Ballina Streets before and after Independence by James Reddiough
The street names go back to the 1820’s and they are documented in Pigot’s Directory of 1829. Most of the street names around the town centre and between the Centre and Belleek castle are there and this would have been the extent of the town.
The street names in 1829 that were included in the Directory were: Knox, Garden, Ardnaree, Castle, King, Bridge, Hill, Abbey, John and Mill. Now the place called Arran Street must have been there and readers may like to know that the Post Office was located in Knox Street.
In 1857 according to Griffith’s Valuation there were the following streets in Ballina – most of them were named after members of the ruling family the Knox – Gores of Beleek manor and castle. The names were as follows: Arran Street, Arthur Street, Bridge Street, Brook Street, Castle Road, Charles Street, Cockle Street, Francis Street, Garden Street, Hill Street, John Street, King Street, Knox Street, Mill Street, New Garden Street, old Garden Street, Pound Street, Shamble Street and Victoria Place.
Onwards then to 1886 at a meeting of the town commissioners and the proposal by Mr. Arthur Muffeny to name the streets after the patriots who had dedicated their lives to independence for the country since 1782 – he suggested that Knox Street be named O’ Connell Street after the liberator Daniel O’ Connell; that Arran Street be re-named Grattan Street after Henry Grattan of the parliament in College Green of 1782. Furthermore, Muffeny (who was a Parnellite and renamed Franklin Lane Land league Lane in 1882) proposed that Francis Street ne named Sexton Street and that Arthur Street be named after Tim Healy and finally that Gore Street be named after Charles Stewart Parnell the uncrowned King of Ireland and the Lost leader.
This to my knowledge is the earliest reference we have to the campaign to re name the streets of Ballina however a half a century later all of the streets in town with the exception of Bury Street (Bury was a Planter who leased land from the earl of Arran) street had been named in honour of Republicans who had given their lives for liberty between 1798 and 1923. The earlier proposals had been driven by the members of the Irish parliamentary party but the later development was due to Sinn Fein and Fianna Fail during the 1920’s and 1930’s mainly.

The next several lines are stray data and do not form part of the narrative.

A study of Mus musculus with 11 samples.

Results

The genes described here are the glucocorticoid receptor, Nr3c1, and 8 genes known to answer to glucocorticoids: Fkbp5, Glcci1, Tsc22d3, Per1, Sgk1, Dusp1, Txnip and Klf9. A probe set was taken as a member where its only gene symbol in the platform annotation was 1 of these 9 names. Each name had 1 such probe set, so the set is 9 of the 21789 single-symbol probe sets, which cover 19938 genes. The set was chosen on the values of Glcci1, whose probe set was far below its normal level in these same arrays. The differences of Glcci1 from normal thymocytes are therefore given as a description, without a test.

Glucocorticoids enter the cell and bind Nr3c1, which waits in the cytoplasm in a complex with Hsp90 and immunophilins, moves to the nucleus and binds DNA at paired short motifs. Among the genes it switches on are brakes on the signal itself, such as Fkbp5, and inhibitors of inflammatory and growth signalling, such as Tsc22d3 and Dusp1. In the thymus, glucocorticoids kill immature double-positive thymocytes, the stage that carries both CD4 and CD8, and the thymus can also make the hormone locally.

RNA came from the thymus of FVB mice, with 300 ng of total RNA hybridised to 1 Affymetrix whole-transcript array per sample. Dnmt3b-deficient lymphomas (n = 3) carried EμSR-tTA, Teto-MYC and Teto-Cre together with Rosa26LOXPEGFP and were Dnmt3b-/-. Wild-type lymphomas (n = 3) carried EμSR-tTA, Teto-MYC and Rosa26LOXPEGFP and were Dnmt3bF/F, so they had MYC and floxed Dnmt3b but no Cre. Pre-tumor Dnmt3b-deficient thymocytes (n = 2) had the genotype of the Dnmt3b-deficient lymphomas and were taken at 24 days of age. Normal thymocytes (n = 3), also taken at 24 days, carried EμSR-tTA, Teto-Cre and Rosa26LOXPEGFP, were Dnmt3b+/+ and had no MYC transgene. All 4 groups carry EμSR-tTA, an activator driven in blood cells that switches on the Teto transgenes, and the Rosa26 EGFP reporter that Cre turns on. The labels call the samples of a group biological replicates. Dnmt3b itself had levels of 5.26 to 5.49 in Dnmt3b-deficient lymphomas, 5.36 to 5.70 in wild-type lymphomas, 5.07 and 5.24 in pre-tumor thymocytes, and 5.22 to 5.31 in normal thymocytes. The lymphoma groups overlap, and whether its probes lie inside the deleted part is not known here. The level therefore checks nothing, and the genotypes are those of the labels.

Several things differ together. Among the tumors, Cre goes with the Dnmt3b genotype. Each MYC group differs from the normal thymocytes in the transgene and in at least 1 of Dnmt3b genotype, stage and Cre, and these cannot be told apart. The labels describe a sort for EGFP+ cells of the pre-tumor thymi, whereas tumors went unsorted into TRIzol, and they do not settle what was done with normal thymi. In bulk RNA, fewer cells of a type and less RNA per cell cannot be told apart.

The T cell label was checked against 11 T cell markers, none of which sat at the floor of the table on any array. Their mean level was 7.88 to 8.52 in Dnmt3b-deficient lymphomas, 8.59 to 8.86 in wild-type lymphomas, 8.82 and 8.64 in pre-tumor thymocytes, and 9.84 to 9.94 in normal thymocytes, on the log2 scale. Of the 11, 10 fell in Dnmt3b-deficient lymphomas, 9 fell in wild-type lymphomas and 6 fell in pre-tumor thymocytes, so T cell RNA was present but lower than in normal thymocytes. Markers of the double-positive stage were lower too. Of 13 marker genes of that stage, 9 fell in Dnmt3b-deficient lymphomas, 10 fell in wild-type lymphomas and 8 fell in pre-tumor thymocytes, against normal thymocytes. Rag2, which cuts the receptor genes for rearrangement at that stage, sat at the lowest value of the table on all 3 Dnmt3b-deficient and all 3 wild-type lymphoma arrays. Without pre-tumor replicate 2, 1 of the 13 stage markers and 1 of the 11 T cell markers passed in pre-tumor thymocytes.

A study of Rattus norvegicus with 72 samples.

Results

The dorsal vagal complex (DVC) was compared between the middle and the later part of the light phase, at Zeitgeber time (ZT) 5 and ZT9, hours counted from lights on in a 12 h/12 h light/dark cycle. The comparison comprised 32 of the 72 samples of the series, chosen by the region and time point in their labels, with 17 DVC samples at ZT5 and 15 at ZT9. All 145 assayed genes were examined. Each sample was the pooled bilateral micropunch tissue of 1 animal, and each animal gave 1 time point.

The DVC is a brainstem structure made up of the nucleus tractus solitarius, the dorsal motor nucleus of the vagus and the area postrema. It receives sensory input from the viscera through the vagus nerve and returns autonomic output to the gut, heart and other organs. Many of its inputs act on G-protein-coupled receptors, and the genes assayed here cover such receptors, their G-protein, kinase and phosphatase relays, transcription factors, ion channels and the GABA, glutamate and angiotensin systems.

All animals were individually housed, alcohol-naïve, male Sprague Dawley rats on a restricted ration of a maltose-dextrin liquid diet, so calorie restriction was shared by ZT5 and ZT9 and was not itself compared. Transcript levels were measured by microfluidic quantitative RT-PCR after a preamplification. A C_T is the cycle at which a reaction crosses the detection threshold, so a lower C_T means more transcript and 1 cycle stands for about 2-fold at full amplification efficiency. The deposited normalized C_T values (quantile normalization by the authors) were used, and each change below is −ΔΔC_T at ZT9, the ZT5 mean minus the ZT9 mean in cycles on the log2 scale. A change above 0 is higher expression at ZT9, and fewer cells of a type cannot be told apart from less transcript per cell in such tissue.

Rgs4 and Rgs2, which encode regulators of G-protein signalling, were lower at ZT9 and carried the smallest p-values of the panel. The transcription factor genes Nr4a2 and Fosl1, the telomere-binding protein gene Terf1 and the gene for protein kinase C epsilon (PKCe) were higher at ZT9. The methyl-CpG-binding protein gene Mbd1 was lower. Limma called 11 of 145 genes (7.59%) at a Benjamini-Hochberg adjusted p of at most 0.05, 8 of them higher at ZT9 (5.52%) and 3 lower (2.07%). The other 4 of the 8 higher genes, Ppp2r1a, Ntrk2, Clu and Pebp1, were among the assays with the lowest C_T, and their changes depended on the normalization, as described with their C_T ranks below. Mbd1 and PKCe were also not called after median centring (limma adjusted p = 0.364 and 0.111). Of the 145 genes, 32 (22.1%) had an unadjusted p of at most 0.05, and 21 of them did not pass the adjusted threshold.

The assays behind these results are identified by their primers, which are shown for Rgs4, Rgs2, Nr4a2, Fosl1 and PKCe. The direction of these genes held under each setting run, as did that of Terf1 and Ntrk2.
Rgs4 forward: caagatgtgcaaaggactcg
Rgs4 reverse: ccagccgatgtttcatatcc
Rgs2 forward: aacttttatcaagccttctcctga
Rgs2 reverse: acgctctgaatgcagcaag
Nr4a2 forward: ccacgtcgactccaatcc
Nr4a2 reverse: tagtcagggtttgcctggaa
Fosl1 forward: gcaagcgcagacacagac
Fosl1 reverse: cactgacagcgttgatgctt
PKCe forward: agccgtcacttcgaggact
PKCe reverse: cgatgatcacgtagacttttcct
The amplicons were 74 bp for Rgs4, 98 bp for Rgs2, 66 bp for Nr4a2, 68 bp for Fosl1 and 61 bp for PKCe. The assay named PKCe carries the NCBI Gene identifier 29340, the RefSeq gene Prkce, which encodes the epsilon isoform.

At a meeting of the Urban District Council in March 1922 it was proposed that the Street names be re-named after men who had given their lives for freedom and hence the present nomenclature came into existence and we have the street names as we know them today. This did however cause confusion and people continued to use the old names or indeed both names with the old name or the new name in brackets. The names did not come into existence in 1922 because of the upheaval and violence of the Civil War and the proposals would be shelved for a further two years and indeed until a meeting of the UDC finally decided to adopt the names that had been suggested in March 1922. Knox was named after Pearse; Bridge Street after Michael Tolan; King Street after The O’ Rahilly; Hill Street after James Connolly; Victoria Place after Robert Emmett; Arthur Street was Changed to Teeling Street; John Street was named after Roger Casement; Gore Street to Lord Edward Street; Arran to Tone and Francis Street to Kevin Barry Street; Brook Street to Humbert and Castle Street was named after Balla Fenian PW Nally; Charles Street to Walsh Street; in Ardnaree Church Road was changed to Plunkett Row while Shamble Street was re-named Barrett street and finally garden Street was changed to McDermott Street. As the housing developments around the town came on stream then they were named after patriots of the republican cause too and these names included Healy, Morrison and Ferran and the most recent was in 2008 with the naming of James Road; in earlier times part of Emmett Terrace had been named James Street. The one I left out earlier was Clare Street to be named after Tommy Howley and called Howley Terrace. In the decades that followed there was some confusion as to where a particular street was located and the signs needed to be put up requested Martin J. McGrath, it was Tom Ruane who proposed that the street be displayed in Irish and English in march 1922. Martin McGrath made the request in August 1925.
As an epilogue it was remiss of me to forget a Bonniconlon man who fell in the republican cause and deserves to have a road named after him that is Lieut. Pat Mullen from Carralavin town land who was fatally wounded at Collooney in July 1922 and died a month later in the Mater and is interred in the republican plot in Kilgarvan some two miles from Bonniconlon Village.